ART 332—Introduction to Art Education
An introduction to the field of art education, including the study of its historical, sociological, and theoretical foundations and their effect on its practice in the K-12 classroom. Offered fall semester. Prerequisites: ART 152, and ART 157. Credits: 3.
Examples of class projects: Students created a clay endangered animal habitat. Animal and environment constructed entirely out of found and recycled materials.
The classroom environment and material preparation for a project, creating a habitat for endangered animal.

Art Education students created printing tools using tires. Students planned and created a workshop for special needs students. The final product was a collaborative mural based on Argentinean artist exhibition.
Art education students working with special needs students to create patterns and textures using tires as printing tools .

ART 333—Curriculum Development and Practice
This course, designed for art education majors, provides experience in curriculum and teaching portfolio development as well as classroom observation to provide the future art teacher with a firm foundation for teaching in the K-12 classroom. Offered winter semester. Prerequisites: ART 332. Credits: 3.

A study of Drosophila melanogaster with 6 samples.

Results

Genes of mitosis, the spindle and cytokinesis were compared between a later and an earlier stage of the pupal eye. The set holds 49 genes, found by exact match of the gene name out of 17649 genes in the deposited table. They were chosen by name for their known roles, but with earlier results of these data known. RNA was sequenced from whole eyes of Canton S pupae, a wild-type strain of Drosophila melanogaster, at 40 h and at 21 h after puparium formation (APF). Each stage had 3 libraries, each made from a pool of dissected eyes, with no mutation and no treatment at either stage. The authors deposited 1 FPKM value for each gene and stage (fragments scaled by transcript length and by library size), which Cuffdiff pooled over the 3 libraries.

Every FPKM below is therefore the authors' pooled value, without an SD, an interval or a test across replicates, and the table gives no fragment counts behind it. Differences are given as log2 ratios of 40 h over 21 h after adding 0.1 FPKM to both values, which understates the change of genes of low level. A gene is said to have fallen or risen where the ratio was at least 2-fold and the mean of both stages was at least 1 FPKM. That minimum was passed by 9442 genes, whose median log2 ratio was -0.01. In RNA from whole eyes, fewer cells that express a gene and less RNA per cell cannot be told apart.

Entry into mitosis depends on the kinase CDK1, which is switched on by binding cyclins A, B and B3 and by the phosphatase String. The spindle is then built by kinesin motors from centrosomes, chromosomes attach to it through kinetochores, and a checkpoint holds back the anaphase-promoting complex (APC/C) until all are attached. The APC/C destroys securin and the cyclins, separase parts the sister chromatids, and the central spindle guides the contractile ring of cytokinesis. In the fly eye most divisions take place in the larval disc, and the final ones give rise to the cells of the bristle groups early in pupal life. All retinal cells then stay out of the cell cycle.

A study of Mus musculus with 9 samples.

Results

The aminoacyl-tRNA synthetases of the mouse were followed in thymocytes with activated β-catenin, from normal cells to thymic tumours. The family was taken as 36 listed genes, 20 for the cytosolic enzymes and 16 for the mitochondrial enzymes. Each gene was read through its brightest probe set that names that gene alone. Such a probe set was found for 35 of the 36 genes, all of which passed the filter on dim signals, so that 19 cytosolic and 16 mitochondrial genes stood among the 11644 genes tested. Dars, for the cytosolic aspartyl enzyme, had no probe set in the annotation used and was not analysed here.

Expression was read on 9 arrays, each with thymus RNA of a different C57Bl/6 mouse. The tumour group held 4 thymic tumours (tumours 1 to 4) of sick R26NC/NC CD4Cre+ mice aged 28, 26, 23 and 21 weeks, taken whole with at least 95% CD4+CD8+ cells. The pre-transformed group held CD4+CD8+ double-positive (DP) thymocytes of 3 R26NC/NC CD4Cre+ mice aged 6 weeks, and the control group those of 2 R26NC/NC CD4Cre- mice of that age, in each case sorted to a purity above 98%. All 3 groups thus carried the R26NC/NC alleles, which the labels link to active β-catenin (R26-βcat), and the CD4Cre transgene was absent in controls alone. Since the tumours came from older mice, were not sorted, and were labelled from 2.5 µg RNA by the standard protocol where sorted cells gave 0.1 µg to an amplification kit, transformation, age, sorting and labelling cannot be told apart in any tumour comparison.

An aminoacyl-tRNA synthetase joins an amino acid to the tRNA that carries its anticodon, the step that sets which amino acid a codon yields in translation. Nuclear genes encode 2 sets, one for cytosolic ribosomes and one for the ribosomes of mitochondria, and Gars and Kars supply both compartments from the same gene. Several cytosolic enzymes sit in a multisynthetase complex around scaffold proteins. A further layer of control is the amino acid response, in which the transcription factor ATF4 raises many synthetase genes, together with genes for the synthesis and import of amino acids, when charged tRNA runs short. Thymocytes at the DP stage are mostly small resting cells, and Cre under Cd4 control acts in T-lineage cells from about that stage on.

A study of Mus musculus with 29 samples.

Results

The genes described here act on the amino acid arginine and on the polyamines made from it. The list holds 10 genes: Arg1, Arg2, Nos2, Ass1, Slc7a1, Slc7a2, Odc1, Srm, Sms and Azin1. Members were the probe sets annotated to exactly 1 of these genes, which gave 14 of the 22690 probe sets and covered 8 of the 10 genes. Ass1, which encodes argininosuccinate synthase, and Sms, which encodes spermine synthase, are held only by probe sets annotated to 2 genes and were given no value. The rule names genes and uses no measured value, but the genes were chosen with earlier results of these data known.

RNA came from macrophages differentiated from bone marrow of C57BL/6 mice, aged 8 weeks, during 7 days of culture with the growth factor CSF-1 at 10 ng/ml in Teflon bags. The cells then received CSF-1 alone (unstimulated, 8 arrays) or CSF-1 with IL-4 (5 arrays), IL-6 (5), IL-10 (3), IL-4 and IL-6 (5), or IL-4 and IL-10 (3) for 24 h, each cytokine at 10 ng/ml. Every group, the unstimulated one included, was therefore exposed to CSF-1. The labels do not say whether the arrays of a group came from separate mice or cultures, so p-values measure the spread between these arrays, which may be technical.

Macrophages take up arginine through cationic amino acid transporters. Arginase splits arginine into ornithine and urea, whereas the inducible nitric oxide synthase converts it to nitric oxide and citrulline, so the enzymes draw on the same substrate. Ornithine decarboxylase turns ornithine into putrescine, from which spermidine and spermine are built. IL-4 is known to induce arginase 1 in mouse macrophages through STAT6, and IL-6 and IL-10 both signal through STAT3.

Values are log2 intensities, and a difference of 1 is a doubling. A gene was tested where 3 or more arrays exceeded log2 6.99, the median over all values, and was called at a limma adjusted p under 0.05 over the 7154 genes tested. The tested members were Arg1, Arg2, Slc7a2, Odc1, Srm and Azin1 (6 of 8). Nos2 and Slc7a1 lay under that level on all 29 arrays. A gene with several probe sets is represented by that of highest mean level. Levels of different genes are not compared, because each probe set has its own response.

Examples of class project: Students visited a classroom with a developed art project to complete with the students. 
A first grade student completing a collaborative drawing as a part of the art education students' project.

ART 334—Teaching the Nontraditional Canon
This is a cross-cultural, hands-on, interactive, discussion and production course intended to inform the practice and delivery of a cross-cultural curriculum in a K-12 setting. Offered fall and winter semesters. Prerequisites: ART 332 and ART 333; permission of instructor. Credits: 3. 

Examples of class project: Students created postcards to further explore the concept of the place and community using technology that could be integrated into a K-12 educational setting.
Mitch Moore, 2010. “A PLACE OF ______________” allows for the viewer to put their own ideas about barns into words. Given this blank viewers determine what they think about the image and are not forced to think only one way about what they see. In this image the barn continues to be the main subject but it is concealing store shelves that are lined with goods. These shelves are typical of a supermarket, an essential component to urban society as people are limited in their capacity to be self-sustaining. At the same time this barn could be seen as being taken over by the urban society’s expansion and made use of this abandoned building. This can be seen as very ironic given the nature of a farm to produce food though it was abandoned, now society has expanded to this once rural setting and taken over the farm to sell goods from farms" (2010).
   For more information on the requirements for the Art Education major, please refer to Grand Valley State University’s course guide here.